Engaging Novels About a Detective
The other day, after publishing the second novel in the Dakota Stevens Mystery Series—The Rich Are Different—I pulled a giant plastic crate labeled “Dakota Stevens Stuff” out of the closet. This crate contains notebooks, early drafts, and reams of research for the first book in the series, A Real Piece of Work.
As I started to file away the materials from The Rich Are Different, I found the original Black-n-Red notebook in which I sketched out my ideas for the characters of Dakota and Svetlana, as well as the outlines for several adventures.
For an hour or more, I flipped through that notebook, reveling in the development of my detective series. The notebook is full of lists, and the longest lists are dedicated to names—names I had for Dakota & Svetlana before they became Dakota & Svetlana. I won’t bore you with what might have been, but I do want to share with you one entry, dating back to the spring of 2004:
“I’m not sure exactly what tack I want to take with this series—whether it will be traditional or more modern—but I know this: I don’t want to write a series of ‘detective novels’; I want to write a series of engaging novels about a detective.”
The difference may sound like mere semantics, but it’s not. From the outset, it was important to me that I not write yet another “detective novel”—something with a formula detective/mystery at the formula length. There were already plenty of those. I wanted to write novels about a detective, and I wanted to include elements of his life beyond the mystery at hand. I wanted to populate these novels with vivid locations and rounded, memorable characters, and I wanted to render it all in prose that was aesthetically pleasing in itself, so you, the reader, could enjoy these novels on several levels: for the plot or story, the characters and locations, the humor, and the language.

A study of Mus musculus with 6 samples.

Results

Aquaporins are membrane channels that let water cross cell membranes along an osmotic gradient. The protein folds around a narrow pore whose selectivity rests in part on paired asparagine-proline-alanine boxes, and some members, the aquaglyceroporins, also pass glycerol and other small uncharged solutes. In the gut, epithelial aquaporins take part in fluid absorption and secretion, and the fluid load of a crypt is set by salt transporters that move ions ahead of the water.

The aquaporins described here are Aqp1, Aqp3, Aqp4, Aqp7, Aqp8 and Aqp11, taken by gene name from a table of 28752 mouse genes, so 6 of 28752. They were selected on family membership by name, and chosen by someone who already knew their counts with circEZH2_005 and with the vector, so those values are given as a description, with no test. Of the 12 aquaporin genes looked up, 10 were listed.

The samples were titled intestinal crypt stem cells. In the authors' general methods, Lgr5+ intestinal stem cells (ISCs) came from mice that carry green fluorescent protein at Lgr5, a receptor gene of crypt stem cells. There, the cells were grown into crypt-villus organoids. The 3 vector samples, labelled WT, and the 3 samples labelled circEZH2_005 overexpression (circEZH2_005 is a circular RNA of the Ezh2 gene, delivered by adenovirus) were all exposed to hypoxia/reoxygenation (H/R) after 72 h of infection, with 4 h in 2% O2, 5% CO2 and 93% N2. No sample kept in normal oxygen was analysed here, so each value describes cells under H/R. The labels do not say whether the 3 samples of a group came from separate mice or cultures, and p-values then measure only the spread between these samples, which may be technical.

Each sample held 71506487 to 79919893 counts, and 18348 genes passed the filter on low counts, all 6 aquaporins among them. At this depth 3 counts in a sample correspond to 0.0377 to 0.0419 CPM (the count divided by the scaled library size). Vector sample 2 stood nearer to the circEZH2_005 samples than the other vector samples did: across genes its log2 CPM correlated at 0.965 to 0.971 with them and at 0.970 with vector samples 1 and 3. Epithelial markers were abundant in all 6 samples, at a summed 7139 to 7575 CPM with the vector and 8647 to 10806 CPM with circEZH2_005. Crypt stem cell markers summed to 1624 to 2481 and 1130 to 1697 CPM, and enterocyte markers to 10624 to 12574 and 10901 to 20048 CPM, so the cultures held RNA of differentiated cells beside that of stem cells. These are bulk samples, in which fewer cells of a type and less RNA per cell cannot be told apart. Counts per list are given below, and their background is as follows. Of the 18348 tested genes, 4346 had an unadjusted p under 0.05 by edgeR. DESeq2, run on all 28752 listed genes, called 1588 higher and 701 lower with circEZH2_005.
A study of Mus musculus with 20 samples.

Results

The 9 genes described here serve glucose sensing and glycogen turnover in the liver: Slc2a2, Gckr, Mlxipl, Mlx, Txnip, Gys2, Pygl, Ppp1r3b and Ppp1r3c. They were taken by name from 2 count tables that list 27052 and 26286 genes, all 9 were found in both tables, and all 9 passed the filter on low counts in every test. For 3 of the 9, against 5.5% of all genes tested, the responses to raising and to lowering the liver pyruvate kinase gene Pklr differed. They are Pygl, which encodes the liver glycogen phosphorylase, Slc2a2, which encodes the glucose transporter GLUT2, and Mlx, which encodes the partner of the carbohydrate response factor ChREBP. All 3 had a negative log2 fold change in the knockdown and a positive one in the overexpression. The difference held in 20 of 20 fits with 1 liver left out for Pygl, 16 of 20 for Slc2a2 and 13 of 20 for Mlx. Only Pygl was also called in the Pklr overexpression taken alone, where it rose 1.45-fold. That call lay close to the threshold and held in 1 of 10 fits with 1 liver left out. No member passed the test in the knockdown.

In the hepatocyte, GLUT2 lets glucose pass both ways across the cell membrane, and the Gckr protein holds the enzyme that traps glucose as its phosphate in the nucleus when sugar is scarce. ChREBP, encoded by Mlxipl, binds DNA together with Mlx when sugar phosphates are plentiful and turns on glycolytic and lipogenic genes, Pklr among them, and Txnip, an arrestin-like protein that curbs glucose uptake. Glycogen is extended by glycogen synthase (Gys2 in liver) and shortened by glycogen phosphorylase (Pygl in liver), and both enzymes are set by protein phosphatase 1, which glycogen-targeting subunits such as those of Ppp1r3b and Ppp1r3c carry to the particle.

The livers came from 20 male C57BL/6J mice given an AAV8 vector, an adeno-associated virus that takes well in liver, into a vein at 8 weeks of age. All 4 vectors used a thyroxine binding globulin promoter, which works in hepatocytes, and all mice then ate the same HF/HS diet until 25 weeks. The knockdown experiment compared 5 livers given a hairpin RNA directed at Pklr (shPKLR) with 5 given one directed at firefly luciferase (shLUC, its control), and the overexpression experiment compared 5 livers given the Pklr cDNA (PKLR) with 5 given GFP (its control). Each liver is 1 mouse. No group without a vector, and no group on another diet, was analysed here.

That’s why reviews like this one of The Rich Are Different are so meaningful to me—because the reader clearly took away from the book what I intended to give:
“The Rich are Different is a full-bodied novel, with rich characters, living backgrounds and locations, and a tough nut of a mystery to crack.”
I’m pleased because whatever their other strengths or weaknesses, I believe the two novels in the series live up to my original aim: “to write a series of engaging novels about a detective,” rather than just mere detective novels.
I invite you to decide for yourself. Start with A Real Piece of Work (book #1), because The Rich Are Different (book #2) is a true sequel, picking up a few months after the first case ends. I hope you enjoy them, and if you do, please post your positive review on Amazon. Your positive reviews increase the books’ visibility and rankings, ensuring future installments in the series.
As always, thank you for your support. Enjoy your summer and your summer reading.